The 16th Street Mall is a pedestrian and transit mall in Denver, Colorado, and is one of America’s most successful long-term downtown revitalization projects.
The mall is 1.25 miles (2 kilometers) long, running along 16th Street in downtown Denver, from Wewatta Street (at the beautifully restored and revitalized historic Union Station) to the intersection of 16th Avenue and Broadway (at Civic Center Station).
The intricate granite stone sidewalks and streets were designed by famed architect I.M Pei to resemble the scale pattern of the Western Diamondback Rattlesnake. It is home to over 300 stores, 50 restaurants, and the Denver Pavilions shopping mall.
Before the mall was built, downtown Denver experienced rates of bus congestion, especially on 16th and 17th streets, where more than 600 bus trips per day operated in 1970s, creating both air pollution and traffic congestion.
The design of the area also discouraged pedestrian activity. The solution proposed by the downtown Denver business community and the Regional Transportation District (RTD) was to build two bus transfer stations at either end of 16th Street and connect the two with a pedestrian mall that would include a free transit shuttle bus service.
The final design was drawn up by I. M. Pei & Partners, in collaboration with the urban design and landscape architecture firm, OLIN.
Construction was funded by a $75 million grant from Federal Interstate Highway Transfer Funds and the Federal Urban Mass Transit Administration, with RTD providing a local match.
It took crews two years to install trees, lights, and granite pavers along the mall. The mall opened on October 4, 1982, and over 200,000 people attended the opening day ceremonies.
Now, on April 14, 2022, Denver, Colorado celebrated the launch of the renovation and revitalization of the 16th Street Mall, which itself became the most successful downtown renovation and revitalization project in the city’s history.
The goal is to ensure that the downtown’s main street remains a destination that Denver residents and visitors can enjoy for decades to come.
The project will address deteriorating infrastructure to improve safety and mobility, while creating new opportunities for public use and enjoyment.
Highlights of the 16th Street Mall project include:
- Installation of new granite pavers in a pattern similar to what’s on the corridor today, but with better drainage and greater surface friction to improve pedestrian safety;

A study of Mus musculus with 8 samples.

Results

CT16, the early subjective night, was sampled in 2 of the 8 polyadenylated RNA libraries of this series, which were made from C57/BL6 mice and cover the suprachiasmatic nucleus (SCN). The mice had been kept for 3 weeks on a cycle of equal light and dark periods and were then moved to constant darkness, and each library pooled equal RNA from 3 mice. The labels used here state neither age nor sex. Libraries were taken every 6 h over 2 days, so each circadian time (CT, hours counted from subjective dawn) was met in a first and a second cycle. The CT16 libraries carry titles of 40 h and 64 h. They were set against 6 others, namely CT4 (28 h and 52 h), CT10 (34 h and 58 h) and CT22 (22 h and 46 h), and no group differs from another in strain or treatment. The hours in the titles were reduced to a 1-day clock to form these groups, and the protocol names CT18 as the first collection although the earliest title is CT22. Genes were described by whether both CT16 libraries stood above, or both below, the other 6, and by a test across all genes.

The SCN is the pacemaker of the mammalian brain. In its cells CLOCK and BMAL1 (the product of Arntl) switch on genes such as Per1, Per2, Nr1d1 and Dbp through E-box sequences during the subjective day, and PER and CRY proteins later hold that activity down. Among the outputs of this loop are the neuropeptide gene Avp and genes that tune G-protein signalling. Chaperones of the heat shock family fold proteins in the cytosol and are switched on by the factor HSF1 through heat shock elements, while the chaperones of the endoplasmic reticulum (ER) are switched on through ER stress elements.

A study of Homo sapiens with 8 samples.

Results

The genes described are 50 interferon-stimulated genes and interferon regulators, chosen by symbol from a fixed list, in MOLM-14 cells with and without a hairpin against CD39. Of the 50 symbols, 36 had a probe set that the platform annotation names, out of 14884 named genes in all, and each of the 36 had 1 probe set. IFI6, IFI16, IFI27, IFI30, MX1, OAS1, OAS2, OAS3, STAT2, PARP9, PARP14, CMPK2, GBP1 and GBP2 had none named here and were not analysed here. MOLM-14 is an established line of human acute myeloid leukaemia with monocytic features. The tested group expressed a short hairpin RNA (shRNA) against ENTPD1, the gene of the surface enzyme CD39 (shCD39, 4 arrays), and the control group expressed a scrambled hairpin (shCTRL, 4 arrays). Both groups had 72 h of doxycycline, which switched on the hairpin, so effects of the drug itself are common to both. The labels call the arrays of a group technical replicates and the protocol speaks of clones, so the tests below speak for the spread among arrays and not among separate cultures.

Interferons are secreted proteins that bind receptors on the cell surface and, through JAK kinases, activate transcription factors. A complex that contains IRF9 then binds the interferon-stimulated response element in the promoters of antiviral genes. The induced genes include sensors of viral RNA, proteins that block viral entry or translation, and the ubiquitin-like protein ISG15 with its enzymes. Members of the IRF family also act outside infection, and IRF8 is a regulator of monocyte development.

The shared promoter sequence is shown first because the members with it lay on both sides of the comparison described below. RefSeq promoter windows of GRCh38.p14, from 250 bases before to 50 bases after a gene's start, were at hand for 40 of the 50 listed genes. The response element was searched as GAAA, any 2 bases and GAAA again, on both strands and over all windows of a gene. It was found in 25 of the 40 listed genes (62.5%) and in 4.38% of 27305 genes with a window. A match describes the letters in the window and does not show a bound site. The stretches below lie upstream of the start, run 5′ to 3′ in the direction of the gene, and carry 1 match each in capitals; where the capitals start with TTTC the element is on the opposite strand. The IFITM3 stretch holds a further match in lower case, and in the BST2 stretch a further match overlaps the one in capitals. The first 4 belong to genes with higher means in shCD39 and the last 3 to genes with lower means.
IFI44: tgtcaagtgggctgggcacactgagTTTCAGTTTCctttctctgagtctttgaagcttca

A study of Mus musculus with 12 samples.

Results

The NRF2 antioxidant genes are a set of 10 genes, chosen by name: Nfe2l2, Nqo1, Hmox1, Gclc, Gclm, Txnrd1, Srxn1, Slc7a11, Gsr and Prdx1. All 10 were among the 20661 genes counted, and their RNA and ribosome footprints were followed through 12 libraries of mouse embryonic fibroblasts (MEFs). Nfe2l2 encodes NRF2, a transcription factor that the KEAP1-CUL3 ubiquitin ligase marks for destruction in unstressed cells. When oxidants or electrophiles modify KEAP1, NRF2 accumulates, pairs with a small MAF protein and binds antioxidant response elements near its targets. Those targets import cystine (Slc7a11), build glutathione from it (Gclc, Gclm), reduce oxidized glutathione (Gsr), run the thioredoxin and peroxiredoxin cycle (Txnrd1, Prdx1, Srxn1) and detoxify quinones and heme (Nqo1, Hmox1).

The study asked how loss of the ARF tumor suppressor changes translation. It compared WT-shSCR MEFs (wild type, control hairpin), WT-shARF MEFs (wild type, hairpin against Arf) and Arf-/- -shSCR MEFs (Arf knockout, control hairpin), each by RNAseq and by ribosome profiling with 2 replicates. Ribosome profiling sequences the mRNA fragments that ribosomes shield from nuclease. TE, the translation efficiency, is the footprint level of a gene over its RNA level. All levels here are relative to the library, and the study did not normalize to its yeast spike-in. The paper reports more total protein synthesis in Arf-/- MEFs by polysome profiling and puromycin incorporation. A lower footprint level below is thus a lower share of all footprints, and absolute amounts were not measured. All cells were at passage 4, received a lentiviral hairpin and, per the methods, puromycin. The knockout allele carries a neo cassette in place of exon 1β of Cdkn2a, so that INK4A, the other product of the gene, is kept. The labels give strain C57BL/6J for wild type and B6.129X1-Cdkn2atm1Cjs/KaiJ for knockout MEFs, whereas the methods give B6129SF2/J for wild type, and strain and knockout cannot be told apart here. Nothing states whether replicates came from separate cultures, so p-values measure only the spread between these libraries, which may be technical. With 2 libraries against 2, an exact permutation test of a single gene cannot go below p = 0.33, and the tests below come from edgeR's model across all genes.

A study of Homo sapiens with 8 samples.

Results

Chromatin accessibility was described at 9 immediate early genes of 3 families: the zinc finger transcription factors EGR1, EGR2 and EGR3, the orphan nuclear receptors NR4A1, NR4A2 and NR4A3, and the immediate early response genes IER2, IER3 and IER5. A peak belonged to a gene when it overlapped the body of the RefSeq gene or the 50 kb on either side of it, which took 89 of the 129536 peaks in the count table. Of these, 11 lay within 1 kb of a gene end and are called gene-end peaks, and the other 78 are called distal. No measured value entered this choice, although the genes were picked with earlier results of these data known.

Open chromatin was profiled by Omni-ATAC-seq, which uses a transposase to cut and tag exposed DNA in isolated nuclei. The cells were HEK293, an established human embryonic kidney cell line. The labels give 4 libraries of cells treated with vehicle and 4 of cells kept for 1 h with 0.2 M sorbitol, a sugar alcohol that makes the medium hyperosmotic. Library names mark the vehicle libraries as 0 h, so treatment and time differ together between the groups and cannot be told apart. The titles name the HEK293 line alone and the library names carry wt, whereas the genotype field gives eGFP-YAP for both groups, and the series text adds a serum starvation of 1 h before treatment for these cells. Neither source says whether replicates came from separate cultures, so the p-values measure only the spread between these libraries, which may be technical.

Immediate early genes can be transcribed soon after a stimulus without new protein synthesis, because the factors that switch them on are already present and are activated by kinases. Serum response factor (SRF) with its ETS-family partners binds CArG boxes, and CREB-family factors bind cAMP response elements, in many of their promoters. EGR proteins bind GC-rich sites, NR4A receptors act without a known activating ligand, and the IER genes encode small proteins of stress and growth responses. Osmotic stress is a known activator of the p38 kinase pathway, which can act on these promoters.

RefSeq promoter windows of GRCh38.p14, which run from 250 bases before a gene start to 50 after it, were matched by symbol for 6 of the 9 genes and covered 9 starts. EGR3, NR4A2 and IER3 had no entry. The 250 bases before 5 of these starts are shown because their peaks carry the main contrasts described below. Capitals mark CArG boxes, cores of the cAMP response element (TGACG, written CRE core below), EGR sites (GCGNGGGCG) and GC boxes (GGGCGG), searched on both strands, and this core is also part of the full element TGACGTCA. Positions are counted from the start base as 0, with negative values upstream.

- Moving transit lanes to the center of The Mall, eliminating the median that runs between the buses on some blocks and creating wider pedestrian walkways and new amenity zones for leisure, local businesses, entertainment and tourism; and
- Expanding the number of trees on The Mall from about 150 today to more than 200 at completion with a variety of species and degrees of shade and color throughout the year.
Small business support made possible by a $1M allocation in the city’s 2022 budget to ensure businesses thrive during the renovation.
Initial planning studies for the 16th Street Mall began back in 2010 and over the years have included input from hundreds of Denver residents.
In 2019, the city gained approval from the Federal Transit Administration to move forward with a preferred alternative that reconfigures the layout of the Mall by eliminating the center median and moving the free MallRide Shuttles to run parallel in the center of the Mall, creating wider sidewalks and a new amenity zone area for increased activation of the outdoor space for enjoyment by all.
The City and County of Denver selected PCL Construction Services as the design/build firm to carry out the 16th Street Mall Project.
PCL’s $149 million design/build contract is funded through a mix of local, state, and federal funds, including voter approved Elevate Denver bond funds and contributions from partners including the Denver Urban Renewal Authority, Colorado Department of Transportation and Federal Transit Administration.
The 16th Street Mall Project is a component of Denver’s overall financial plan for an equitable and sustainable economic recovery and is anticipated to support more than 1800 jobs, generate more than $155 million in income for workers, nearly $380 million in sales for businesses and have a regional economic impact of as much as $4 billion throughout the duration of the project.
Access to stores and businesses will be maintained throughout the project while work is underway.
Featured image shows the 16th St. Mall in 2021. Photo by Dough4872 via Wikimedia CC BY-SA 4.0.